Adjectives: Limiting (more detail)

A limiting adjective, rather than describing a noun, defines it. To put it more simply, limiting adjectives either point out or set a numerical limit to the noun. These limiting adjectives are grouped into three classes of limiting adjectives:

1) Article Adjectives

THE, AN, and A define whether the noun is used indefinitely or definitely.

For the families of the miners killed in the accident, the settlement was justice denied.

  • In each case, “the” acts to limit by indicating a definite noun.

A third-party panel issued a harshly worded report.

  • Again, the article (in this case “A”) serves to limit the noun, “panel.”

The thing to keep in mind here though is that although the article is a limiting adjective, it really acts more as a signal that a limitation can be made rather than setting the limit itself.

For example:

The planned name change of the Miami Art Museum to the Jorge M. Pérez Art Museum of Miami-Dade County has offended some on the board.

With “[t]he planned name change,” the article “the” signals that a particular name change is being discussed. The writer will then go on to define (i.e. limit) what that name change is.

2) Numeral Adjectives

Just like it sounds, numeral adjectives limit the noun to a specific number or amount.

The panel tasted 2o single malts from Islay, smoky whiskies that demand a sense of wonder.

  • “20” is a numeral limiting adjective.

More than 2,300 Americans were killed in World War II.

  • “2,300” is a limiting adjective


These are adjectives that may be used as a pronoun. In other words, if they stood alone they would be pronouns, but when attached to a noun, they become limiting pronouns.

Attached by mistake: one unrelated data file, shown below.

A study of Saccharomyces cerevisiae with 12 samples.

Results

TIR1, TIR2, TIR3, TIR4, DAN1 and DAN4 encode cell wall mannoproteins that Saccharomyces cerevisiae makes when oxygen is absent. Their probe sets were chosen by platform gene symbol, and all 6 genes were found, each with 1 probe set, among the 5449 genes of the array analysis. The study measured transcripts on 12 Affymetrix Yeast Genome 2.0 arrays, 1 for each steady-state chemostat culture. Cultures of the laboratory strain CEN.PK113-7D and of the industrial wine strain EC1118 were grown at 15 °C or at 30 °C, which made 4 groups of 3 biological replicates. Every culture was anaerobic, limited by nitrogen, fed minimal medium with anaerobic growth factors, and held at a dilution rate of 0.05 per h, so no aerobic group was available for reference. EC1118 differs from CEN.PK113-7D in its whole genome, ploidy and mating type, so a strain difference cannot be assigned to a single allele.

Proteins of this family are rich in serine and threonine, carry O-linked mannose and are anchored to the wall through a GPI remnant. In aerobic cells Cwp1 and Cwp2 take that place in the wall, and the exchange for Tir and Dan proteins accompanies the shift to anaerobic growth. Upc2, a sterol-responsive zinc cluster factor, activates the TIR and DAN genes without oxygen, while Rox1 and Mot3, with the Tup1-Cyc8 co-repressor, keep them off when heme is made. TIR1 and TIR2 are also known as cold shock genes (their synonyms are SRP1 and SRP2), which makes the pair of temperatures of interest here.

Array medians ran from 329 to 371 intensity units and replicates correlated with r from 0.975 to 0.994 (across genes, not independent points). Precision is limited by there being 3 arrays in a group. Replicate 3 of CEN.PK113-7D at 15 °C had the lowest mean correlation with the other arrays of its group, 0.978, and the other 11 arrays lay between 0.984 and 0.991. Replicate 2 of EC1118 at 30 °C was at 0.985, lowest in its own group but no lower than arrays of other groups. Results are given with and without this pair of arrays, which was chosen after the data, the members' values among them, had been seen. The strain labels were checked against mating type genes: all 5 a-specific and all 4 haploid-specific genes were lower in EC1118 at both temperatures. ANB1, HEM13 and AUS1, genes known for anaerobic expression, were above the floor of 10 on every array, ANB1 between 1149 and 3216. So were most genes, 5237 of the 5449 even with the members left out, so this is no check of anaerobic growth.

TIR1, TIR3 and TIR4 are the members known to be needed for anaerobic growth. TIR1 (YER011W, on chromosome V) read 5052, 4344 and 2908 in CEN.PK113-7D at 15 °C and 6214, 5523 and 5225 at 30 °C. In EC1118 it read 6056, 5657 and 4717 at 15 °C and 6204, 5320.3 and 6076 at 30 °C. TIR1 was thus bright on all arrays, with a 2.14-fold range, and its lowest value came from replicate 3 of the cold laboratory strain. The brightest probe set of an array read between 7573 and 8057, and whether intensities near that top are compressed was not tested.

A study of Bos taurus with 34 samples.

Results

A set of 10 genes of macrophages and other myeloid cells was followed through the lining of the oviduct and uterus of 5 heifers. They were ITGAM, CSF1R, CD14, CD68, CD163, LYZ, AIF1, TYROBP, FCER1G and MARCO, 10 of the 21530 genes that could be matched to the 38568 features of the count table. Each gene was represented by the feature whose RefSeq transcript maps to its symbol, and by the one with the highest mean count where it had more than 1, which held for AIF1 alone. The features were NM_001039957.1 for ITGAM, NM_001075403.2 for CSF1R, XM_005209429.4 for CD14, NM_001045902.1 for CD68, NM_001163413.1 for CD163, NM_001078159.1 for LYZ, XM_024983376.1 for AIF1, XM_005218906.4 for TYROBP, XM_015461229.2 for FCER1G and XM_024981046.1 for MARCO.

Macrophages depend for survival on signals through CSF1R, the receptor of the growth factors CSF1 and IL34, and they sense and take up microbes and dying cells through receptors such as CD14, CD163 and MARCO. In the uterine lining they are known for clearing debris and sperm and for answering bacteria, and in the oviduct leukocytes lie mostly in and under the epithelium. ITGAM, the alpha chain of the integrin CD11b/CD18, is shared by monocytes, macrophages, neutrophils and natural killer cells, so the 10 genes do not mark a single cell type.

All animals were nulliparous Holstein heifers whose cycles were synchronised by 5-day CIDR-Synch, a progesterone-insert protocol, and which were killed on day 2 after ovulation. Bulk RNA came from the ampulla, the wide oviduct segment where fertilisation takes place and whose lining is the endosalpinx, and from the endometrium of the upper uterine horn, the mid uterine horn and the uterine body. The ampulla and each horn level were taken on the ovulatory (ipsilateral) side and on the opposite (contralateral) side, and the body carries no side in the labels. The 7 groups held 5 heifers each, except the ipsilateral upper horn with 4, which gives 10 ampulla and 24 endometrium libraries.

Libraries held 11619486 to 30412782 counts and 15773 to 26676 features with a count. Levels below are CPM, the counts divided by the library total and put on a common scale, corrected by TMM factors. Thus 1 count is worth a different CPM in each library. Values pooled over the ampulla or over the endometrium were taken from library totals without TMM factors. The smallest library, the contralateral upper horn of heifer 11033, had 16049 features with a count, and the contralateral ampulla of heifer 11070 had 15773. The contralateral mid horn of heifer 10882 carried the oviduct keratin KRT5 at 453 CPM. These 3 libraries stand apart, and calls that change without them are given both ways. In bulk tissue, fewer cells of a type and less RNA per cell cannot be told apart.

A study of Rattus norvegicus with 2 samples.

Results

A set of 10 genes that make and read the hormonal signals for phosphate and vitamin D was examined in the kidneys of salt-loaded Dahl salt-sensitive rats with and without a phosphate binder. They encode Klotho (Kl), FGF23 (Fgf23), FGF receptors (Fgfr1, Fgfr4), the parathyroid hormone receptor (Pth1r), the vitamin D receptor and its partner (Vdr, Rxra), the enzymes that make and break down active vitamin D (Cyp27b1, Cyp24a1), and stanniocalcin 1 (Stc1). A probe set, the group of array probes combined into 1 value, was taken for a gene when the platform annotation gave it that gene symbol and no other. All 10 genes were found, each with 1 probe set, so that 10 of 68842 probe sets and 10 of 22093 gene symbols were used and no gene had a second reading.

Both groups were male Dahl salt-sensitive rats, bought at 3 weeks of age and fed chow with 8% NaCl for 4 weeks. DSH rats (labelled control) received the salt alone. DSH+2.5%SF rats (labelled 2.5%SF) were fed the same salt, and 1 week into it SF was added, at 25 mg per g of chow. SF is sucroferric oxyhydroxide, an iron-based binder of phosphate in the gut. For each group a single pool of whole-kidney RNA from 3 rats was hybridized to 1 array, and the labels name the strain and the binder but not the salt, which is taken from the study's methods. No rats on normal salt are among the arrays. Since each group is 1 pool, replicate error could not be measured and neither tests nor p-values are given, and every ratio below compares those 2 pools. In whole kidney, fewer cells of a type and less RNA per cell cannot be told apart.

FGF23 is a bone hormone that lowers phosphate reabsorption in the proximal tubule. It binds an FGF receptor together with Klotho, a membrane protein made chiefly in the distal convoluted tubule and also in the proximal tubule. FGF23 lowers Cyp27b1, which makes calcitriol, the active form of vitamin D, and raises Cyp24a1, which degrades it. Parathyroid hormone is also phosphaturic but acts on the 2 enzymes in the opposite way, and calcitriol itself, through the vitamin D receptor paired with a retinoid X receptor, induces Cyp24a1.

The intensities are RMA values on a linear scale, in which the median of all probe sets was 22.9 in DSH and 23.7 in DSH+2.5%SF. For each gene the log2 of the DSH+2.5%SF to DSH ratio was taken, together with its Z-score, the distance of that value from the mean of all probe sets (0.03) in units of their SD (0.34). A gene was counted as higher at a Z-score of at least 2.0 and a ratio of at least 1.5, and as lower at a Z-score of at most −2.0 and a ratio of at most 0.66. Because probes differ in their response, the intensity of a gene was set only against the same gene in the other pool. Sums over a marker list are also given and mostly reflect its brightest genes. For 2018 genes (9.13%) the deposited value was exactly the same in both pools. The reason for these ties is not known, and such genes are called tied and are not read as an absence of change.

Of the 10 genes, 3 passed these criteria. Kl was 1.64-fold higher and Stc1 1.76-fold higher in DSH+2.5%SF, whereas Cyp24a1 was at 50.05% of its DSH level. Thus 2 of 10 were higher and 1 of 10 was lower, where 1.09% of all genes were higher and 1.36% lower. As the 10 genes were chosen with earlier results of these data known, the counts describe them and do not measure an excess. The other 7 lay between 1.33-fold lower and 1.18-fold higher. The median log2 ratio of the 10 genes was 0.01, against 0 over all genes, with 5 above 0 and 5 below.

Good creative writing courses don’t just develop individual writers – they give those writers a sense of their place in the world.

  • When standing alone “those” operates as a demonstrative pronoun. In conjunction with the noun, it serves as a pronominal adjective.

Never really getting any solid chances, Norfolk couldn’t convert on either opportunity.

  • When standing alone “either” operates as a distributive pronoun. In conjunction with the noun, it serves as a pronominal adjective.

Pronominal adjectives may be further distinguished as:

  • Distributive pronouns or those which point out objects taken singly. The distributives include each, every, either, and neither.

It is the only campaign that has an organization in every state.

  • Demonstrative pronouns or those which point out objects definitely showing which is meant.

She and others conceded, however, that the bigger task for the government is enforcing or implementing these laws.

  • Indefinite pronouns or those that point out objects indefinitely. The indefinites are some, onenone, all, any, whole, such, other, and another.

Such an event, experts say, would undoubtedly send the American unemployment rate higher and possibly induce another recession.

We haven’t done any advertising.

  • Reciprocal pronouns or those that are reciprocally related. The reciprocals are each, other, and one another.

She enjoyed the intricate patterns, colors and symbols that made each example unique.

4) Possessive Adjectives

These adjectives indicate ownership: my, our, your, his, her, its, their

Babies could still drink the formula every day without any effect on their health.

When his battered body was found by the police, on the Saturday after Thanksgiving, he was simply John Doe.

5) Interrogative Adjectives

These adjectives are used in asking a question (which, what)

They’ve still got the shortlist from last time, but which candidate can rescue the BBC?